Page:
A busy travel season can also bring cyber security risks

Posted at 10:26 AM, May 22, 2017
and last updated 2017-05-22 17:47:13-04

NORFOLK, Va. - The approaching Memorial Day holiday marks the beginning of a busy travel period in the United States, but cyber security experts warn it can also vulnerable to attacks.

The National Cyber Security Alliance (NCSA) says technology has made travel much easier - from booking a trip on your phone to sharing photos on social media.

However, they warn that those connected experiences and the increased convenience of public wifi could expose travelers to risk.

"Wifi in the coffee shop, the airport, the hotel lobby- just consider those to be extremely public and start with the notion that what you do on those networks might be viewable by other people," Michael Kaiser wit hthe National Cyber Security Alliance told News 3's Todd Corillo Monday.

Americans spend 8.7 million minutes per month interacting with digital travel content, which is a 41 percent increase year over year.

The NCSA offers these tips for protecting yourself when gearing up to go.

Lock down your login
Your usernames and passwords are not enough to protect key accounts like email, banking and social media. Get ready for your summer trek by fortifying your online accounts and enabling the strongest authentication tools available, such as biometrics, security keys or a unique one-time code through an app on your mobile device.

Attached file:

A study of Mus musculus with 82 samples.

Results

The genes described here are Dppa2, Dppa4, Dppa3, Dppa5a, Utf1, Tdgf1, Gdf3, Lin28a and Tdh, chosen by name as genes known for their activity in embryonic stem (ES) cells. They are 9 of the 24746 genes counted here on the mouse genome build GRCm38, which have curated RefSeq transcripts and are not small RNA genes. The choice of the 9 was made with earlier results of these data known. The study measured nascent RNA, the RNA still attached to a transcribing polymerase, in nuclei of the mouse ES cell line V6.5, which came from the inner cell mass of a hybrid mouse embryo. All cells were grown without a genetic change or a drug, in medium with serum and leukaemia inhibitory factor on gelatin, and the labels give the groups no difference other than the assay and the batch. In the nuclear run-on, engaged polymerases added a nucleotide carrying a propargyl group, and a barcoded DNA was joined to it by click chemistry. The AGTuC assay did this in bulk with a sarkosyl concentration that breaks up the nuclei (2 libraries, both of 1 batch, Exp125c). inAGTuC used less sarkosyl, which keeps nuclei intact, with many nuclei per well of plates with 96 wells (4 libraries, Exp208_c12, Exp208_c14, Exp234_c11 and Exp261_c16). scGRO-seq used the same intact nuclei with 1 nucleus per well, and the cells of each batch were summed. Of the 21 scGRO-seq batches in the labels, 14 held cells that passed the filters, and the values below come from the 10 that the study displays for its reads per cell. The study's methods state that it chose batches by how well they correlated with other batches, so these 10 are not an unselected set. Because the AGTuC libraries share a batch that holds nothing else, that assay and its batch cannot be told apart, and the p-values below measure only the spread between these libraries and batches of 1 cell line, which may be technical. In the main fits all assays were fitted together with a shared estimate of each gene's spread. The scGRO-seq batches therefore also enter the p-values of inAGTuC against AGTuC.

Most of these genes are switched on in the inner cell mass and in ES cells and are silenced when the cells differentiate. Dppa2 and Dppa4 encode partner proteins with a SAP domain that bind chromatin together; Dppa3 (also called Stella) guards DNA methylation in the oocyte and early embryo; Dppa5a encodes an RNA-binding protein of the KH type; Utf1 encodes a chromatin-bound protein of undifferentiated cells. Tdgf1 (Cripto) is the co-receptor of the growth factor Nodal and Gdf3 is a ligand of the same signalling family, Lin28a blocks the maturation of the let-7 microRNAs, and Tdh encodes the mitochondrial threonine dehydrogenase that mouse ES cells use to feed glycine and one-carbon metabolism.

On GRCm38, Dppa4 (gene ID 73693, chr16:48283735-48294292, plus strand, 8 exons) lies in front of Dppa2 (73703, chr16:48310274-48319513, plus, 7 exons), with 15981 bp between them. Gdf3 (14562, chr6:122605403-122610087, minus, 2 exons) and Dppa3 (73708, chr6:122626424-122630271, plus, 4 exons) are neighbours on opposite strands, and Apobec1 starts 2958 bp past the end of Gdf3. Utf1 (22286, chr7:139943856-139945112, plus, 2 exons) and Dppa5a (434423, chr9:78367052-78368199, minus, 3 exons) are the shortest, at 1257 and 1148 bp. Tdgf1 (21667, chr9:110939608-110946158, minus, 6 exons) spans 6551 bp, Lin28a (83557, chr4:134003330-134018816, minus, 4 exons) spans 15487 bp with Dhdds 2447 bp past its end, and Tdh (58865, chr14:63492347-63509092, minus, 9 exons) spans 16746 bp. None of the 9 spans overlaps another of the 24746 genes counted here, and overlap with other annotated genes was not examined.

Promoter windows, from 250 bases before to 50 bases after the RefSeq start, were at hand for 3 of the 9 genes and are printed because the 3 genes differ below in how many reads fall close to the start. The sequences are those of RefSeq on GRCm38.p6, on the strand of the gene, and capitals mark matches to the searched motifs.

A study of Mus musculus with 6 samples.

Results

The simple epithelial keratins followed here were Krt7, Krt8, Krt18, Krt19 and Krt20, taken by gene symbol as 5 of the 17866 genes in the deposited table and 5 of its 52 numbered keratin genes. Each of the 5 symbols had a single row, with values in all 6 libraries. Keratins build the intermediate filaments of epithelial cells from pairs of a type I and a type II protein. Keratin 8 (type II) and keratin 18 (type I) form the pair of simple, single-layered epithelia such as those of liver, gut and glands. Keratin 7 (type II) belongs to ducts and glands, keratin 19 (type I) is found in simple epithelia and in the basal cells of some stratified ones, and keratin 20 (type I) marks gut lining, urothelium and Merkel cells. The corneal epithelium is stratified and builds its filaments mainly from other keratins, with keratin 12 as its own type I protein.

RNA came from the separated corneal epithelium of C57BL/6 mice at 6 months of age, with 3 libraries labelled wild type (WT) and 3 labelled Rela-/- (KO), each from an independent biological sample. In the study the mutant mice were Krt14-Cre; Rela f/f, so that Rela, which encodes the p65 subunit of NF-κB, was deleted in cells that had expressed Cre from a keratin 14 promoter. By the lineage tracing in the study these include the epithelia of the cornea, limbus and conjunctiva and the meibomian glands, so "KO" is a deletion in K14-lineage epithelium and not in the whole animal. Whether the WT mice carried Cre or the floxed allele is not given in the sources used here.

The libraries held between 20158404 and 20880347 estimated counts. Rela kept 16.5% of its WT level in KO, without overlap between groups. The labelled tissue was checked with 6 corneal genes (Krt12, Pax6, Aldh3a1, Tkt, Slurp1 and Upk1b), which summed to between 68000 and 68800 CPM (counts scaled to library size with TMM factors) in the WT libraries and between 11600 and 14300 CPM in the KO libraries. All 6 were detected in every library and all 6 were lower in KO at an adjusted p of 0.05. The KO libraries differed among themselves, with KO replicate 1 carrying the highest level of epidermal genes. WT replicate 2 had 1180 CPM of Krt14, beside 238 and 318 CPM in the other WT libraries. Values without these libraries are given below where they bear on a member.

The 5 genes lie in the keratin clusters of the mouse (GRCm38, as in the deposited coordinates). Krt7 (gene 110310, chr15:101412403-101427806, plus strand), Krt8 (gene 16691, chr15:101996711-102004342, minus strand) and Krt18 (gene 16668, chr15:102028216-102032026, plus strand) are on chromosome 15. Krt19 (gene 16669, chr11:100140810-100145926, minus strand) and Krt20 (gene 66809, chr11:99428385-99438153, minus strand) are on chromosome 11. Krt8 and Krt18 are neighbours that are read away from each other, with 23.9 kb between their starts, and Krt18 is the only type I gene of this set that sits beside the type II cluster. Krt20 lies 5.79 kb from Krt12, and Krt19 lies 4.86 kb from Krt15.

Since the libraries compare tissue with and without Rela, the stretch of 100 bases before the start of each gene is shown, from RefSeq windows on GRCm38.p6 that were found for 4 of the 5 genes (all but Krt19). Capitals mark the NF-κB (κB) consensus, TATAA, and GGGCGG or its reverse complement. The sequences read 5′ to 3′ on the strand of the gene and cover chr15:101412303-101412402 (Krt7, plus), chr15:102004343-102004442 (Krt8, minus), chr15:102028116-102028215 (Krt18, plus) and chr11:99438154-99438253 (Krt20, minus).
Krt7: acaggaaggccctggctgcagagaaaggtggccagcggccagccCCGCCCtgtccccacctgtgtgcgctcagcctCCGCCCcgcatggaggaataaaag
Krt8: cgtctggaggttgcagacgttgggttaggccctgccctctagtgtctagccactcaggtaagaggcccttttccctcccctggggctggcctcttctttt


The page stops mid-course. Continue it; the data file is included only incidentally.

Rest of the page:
Keep a clean machine

Before you leave town, it’s important to make sure all security and critical software is up to date on your internet-connected devices. Keep devices and apps updated during travel, too. It is your best line of defense.

Make sure all devices are password protected

Bolt your digital doors and be sure to use a passcode or security feature (like a finger swipe) to lock your mobile device.

Think before you app

Review an app’s privacy policy and understand what data (such as location and entry to your social networks) it can access on your device before you download. Delete apps you are no longer using.

Own your online presence

Not everyone has to know about your travel escapades and summer fun: set the privacy and security preferences on web services and devices to your comfort level for sharing. It is okay to limit how and with whom you share information – especially when you are away.

Actively manage location services

Location tools come in handy while planning your trip or navigating a new city, but they can also expose your whereabouts – even through photos. Turn off location services when they’re not in use.

Get savvy about WiFi hot spots

Do not transmit personal info or make purchases on unsecure networks like those in local cafes and hotel lobbies. Instead, use a virtual private network (VPN) or your phone’s cellular connection as a personal hotspot to surf more securely.

Delete unused apps

Many people use apps that can be specific to a city or attraction. These apps should be deleted when no longer needed.

Turn off WiFi and Bluetooth when idle

When WiFi and Bluetooth are on, they connect and track your whereabouts. If you do not need them, switch them off.

Protect your $$$

Be sure to shop or bank only on secure sites. A web address with “https://” means the site takes extra security measures. However, an “http://” address is not secure.

Never use public computers to log in to any accounts

Be extremely cautious on public computers in public places like airports, hotel lobbies and internet cafes. Keep activities as generic and anonymous as possible.

Share with care

Think twice before posting pictures that would reveal you are not home or that you would not want certain people (like your parents or employer) to see.

Post only about others as you would have them post about you

The golden rule applies online, too.